By Garrison Dua, VP Demand, North America at AdsWizz
We are constantly surrounded by sound. For some, the comfort is in a general hubbub. For others, sound from a radio show, a podcast or an album is that of a constant companion. Audio consumption experienced a huge surge over the pandemic and proved its worth as a powerful form of communication and now, at long last, we can measure just how much.
Audio is evolving. In the US, now more than 144m people listen to podcasts. In addition, commercial radio sees an audience of 36.3m listeners a week in Britain – more than half the country – boosted by smart speakers and other digital devices.
The importance of audio is about more than just volume, however. After all, the radio playing in the background of a store or the bar is just so much white noise. It’s about attention.
With the recent announcement that Omnicom plans to measure ads based on consumer attention, we’re entering a new phase of advertising attribution. Understanding audience attention and how to connect conversions to ads using attribution technology allows publishers and their advertisers to understand – and improve – the impact of their campaigns. This is something that has been more common in visual ads, but is now making its way to the critical audio audience.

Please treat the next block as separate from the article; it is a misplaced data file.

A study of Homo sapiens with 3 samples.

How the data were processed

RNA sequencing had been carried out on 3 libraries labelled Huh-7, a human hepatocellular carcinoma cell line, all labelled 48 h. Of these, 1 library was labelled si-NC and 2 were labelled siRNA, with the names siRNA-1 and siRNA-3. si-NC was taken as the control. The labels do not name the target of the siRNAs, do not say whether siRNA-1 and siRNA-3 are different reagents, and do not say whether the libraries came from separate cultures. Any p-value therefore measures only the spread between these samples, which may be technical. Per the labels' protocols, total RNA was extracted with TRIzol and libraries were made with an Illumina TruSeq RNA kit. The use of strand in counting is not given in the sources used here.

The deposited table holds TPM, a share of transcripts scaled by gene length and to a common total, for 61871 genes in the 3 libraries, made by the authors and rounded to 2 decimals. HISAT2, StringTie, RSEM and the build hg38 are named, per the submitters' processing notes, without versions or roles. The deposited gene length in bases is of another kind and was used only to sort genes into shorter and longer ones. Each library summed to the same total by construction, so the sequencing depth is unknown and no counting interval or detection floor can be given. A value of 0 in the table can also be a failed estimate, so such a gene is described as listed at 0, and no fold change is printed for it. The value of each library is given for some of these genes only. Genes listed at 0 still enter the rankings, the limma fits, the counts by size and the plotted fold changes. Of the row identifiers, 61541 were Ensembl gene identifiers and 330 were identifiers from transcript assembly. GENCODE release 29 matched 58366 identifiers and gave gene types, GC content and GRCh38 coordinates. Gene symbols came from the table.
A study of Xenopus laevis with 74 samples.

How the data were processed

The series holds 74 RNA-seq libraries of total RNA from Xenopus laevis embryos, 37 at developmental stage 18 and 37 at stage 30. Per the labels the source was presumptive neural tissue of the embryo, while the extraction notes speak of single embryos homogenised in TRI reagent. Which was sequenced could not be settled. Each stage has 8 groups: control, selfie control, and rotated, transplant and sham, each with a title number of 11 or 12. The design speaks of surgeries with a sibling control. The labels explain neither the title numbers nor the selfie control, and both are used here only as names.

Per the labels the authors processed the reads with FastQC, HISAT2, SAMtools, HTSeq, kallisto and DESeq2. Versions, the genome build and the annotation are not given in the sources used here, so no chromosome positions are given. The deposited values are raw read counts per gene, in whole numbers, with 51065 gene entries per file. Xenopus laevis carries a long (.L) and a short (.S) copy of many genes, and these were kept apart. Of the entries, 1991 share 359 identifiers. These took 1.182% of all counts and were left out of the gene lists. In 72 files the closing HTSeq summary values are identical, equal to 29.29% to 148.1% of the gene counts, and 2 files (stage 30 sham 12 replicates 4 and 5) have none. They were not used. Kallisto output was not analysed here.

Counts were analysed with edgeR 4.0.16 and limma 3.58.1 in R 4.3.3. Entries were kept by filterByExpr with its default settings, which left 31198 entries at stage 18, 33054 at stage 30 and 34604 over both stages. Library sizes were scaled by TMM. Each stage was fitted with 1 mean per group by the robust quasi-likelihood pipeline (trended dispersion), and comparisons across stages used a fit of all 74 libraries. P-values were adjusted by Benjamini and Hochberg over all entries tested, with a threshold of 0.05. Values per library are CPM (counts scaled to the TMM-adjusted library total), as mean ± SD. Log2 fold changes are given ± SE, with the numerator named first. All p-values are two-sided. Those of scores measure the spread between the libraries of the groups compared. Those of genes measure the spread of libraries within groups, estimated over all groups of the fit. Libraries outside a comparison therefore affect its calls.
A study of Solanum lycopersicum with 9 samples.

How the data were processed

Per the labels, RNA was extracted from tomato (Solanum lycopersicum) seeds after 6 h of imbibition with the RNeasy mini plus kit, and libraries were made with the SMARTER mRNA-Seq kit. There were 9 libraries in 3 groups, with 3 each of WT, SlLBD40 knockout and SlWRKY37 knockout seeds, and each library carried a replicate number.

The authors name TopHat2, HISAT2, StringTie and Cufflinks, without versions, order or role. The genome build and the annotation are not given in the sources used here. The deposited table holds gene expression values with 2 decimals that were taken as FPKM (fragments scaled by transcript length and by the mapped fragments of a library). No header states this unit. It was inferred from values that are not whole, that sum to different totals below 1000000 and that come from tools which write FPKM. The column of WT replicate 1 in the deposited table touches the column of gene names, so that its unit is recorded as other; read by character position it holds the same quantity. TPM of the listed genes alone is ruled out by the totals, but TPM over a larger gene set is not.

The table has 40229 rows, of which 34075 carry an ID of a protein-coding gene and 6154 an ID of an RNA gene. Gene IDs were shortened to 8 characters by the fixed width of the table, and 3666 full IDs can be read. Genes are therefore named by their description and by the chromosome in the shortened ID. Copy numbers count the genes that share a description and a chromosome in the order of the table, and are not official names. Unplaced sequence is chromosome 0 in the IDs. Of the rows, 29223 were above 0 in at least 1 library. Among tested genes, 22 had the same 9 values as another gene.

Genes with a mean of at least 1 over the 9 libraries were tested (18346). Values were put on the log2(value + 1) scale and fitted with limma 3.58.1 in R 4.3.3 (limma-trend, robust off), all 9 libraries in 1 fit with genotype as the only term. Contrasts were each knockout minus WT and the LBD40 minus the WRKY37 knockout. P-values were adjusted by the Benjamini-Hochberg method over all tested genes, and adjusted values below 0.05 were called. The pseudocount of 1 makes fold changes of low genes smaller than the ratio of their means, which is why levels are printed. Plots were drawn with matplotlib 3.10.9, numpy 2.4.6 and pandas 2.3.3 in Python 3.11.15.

Omnicom’s partner agency in measuring attention, Amplified Intelligence, is trying to discover whether or not it’s the media or the creative that captures the audience’s attention. The company came to an interesting conclusion: “It’s the role of media to be able to get you to the attention. It’s the role of creative to hold onto that,” its CEO, Karen Nelson-Field, told AdAge.
But this is just part of the puzzle. When in ‘listening’ mode, unlike browsing a website or even viewing smart TV, consumers are rarely in a position to ‘click through’. Instead, they may be driving to work, bathing the kids or working out. Conversion happens later and most often on a different device. But audio still played a crucial role.
So it follows that how much of a role it plays and how well that role can be optimized – in as near to real-time as possible – is crucial in making the most from audio investment. By measuring conversions such as app downloads, add to cart and purchase confirmations, all originating from the initial audio ad and tracked across platforms, advertisers can see returns on ad spend (ROAS) and cost per action (CPA) performance. Those figures help marketers assess performance and make mid-flight optimisations – streaming time, length of an ad, creative version – to get the most from the medium and the audience.
AdsWizz recently launched its 2021 Audio Attribution Technology Report, which analyzed the results of 600 campaigns that ran across AudioMatic, AdsWizz’s audio-centric DSP. The campaigns used audio attribution tracking to evaluate average audio campaign conversion rates and how it relates to ROAS and CPA. Among its many findings, the report found that there was up to a 4.0% average conversion rate of ad impressions – on a par with display advertising.
Audio advertising has always been something of a grey area. Listening figures alone have been compelling enough for many advertisers to include the platform on their media buys, but how it performs relative to the mix has always been opaque, and therefore difficult to optimise effectively. Attribution changes all that and finally, audio can enjoy its rightful place in the media mainstream.